Imagine the desktop of White House economic adviser Larry Summers. There he sits, reams of data piling up around him, all presenting a confounding picture. Half of his inbox features good news: Manufacturing is up. The private sector has added jobs for six consecutive months. Corporate earnings are rising, and CEOs are reporting greater confidence. Inflation is almost nonexistent. Even Wall Street (where big profits are back) is hiring again in anticipation of a coming recovery.
But the rest of Summers' stack stinks of depressing, and even alarming, news. Job growth has been anemic. Unemployment is hovering just below 10%. The number of people who have been unemployed for more than six months is approaching 7 million, and millions more are believed to have stopped looking. Foreclosures and bank closings are exceeding last year's levels, while home sales have slumped. And the $787 billion stimulus (now revised to $862 billion) passed by Congress last year to kick-start the economy will soon run down, shutting off the cash spigot just as states compound the dampening economic effect with severe budget cuts and layoffs of their own. That low inflation, meanwhile, may be veering toward unwanted deflation. "We had a major economic acceleration coming out of the economic crisis, and it was very impressive," former Federal Reserve Chairman Alan Greenspan said in a July 9 public appearance. "And then it's like we've hit an invisible wall."
That strangely mixed picture leaves Summers and every other Obama adviser with an excruciating call to make the next time they head into the Oval Office. Is the U.S. on a firm path to recovery one that just needs more time to play out? Or are we trapped in the doldrums, perhaps on the way to a lost decade like the one Japan had in the 1990s? Worst of all, could we be headed for a terrifying reprise of 1937, when a U.S. economy fighting its way out of the Great Depression crashed a second time, requiring the massive industrial effort of World War II to rejuvenate it?
For the moment, senior Obama advisers tend toward the doldrums theory. They foresee a long and slow recovery, one they would like to speed up with the fuel of more government stimulus to get money into the pockets of consumers who will spend it fast. They don't expect another economic crash, but they also know it's possible and would sleep better if a new wave of cash were headed into the system. And they are quick to note that despite what their critics may say, this is not an excuse to promote a loony-left tax-and-spend agenda. Even a recent Goldman Sachs analysis recommended that policymakers consider more stimulus spending.
But Obama and his advisers know their hands are tied. Polls show that voters either don't understand or don't buy the long-established economic theory of John Maynard Keynes, which calls for more government spending (even if it means running up deficits) to help the economy through hard times. Instead, the public is in the mood to smack big Washington spenders hard this November. White House officials say Obama's economic team is resigned to the granite-hard public resistance to more bold action as laid out by political advisers. "The arithmetic is simple, but it's been very, very hard to convince people," says Jared Bernstein, chief economic adviser to Vice President Joe Biden.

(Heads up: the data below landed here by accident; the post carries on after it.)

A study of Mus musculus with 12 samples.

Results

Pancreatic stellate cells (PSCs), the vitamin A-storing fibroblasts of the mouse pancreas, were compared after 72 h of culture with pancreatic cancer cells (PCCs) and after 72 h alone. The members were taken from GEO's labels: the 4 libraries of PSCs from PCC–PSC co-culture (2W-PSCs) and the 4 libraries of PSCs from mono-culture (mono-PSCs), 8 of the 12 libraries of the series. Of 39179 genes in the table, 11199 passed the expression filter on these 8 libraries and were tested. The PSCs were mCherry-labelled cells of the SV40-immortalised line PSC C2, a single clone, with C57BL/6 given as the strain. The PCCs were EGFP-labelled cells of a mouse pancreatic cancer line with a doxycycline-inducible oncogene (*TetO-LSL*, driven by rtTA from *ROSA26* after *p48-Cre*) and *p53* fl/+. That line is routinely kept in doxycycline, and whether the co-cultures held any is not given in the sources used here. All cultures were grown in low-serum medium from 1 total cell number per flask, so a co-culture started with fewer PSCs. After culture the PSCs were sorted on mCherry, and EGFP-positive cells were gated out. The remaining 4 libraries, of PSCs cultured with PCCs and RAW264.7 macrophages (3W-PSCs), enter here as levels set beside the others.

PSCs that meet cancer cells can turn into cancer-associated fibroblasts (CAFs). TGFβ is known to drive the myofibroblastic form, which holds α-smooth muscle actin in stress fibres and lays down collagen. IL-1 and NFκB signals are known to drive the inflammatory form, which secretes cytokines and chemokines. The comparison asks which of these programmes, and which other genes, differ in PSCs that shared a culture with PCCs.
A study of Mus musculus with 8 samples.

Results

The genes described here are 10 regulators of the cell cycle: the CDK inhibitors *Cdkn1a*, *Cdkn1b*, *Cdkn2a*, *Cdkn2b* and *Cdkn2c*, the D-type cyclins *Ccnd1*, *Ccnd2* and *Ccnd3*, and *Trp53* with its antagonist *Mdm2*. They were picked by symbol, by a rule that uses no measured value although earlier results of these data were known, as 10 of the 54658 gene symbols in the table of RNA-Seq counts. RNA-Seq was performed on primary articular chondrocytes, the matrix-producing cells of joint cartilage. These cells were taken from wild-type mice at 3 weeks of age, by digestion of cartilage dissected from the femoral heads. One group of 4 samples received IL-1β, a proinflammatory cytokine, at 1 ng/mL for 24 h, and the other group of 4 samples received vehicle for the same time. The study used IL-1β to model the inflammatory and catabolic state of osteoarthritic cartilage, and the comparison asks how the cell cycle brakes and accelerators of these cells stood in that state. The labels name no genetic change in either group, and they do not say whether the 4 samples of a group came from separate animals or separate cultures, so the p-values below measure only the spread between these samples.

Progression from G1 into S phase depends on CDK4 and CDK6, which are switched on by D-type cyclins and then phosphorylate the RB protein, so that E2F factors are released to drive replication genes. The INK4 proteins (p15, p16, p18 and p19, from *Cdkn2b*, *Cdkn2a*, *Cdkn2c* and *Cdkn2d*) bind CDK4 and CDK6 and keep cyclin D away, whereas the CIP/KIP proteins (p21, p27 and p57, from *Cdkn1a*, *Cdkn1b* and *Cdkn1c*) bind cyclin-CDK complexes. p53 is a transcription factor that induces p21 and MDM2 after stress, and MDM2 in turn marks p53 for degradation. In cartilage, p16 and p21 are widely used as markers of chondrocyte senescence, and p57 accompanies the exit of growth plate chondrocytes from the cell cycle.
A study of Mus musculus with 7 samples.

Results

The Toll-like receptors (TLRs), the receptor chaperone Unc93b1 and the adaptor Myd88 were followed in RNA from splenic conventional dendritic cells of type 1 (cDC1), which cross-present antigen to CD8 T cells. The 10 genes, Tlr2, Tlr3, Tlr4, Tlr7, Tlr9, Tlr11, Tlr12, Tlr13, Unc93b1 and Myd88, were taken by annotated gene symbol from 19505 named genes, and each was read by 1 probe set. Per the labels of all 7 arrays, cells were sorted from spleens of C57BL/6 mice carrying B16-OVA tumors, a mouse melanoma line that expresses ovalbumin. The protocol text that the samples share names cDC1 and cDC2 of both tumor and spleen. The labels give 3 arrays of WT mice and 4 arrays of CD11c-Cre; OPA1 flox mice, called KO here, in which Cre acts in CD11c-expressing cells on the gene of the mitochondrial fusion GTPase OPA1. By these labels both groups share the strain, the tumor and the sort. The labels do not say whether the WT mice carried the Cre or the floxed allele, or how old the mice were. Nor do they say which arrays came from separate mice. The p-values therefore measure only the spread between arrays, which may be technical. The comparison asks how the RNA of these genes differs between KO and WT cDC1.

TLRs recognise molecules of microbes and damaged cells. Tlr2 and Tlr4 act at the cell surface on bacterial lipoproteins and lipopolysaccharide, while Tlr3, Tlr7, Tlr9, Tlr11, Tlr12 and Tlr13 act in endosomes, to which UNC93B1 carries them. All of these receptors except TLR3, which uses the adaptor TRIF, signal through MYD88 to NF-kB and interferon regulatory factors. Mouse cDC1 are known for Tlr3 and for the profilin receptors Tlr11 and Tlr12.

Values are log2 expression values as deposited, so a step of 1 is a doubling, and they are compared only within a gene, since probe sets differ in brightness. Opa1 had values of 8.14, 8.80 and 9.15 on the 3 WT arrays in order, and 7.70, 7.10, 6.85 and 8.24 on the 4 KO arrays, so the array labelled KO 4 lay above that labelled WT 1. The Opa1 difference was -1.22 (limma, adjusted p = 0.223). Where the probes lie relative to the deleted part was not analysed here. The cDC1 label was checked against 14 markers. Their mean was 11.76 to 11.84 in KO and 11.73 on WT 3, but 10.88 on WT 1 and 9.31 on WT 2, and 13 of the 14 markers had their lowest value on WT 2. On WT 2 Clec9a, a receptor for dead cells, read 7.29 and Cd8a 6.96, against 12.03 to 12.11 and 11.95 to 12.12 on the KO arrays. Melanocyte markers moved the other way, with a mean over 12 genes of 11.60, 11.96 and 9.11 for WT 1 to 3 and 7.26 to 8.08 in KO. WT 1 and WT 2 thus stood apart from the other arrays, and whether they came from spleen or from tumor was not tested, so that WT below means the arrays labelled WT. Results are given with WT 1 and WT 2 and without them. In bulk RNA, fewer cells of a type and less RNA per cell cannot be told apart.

A new TIME poll reveals just how hard that task is: Two-thirds of respondents say they oppose a second government stimulus package. And 53% say the country would have been better off without the first one.
The result is a White House pulled in three directions at once as it tries to repair the economy and ensure that Obama and the Democrats can survive a rising tide of public anger. First, the Obama team is improvising ways to pass piecemeal spending items through a Congress where stimulus has become a toxic word. At the same time, the White House is signaling its concern about that budget deficit that has Tea Partyers raging both through token gestures, like a White House contest that lets the public vote on cost-cutting ideas submitted by federal employees (the winner gets to meet Obama and see his or her idea go in the President's next budget), as well as substantive ones, like Obama's support for a bipartisan deficit commission. And finally, the White House is trying to explain to angry liberals that it's doing everything possible to keep the economy moving and fight Republican resistance to new spending.
It's a delicate balancing act, on a par with Obama's effort to pass health care reform without appearing to get too involved in the details. And just as it did in the health care battle, the future of Obama's presidency as well as the fate of the American economy may hang on the outcome.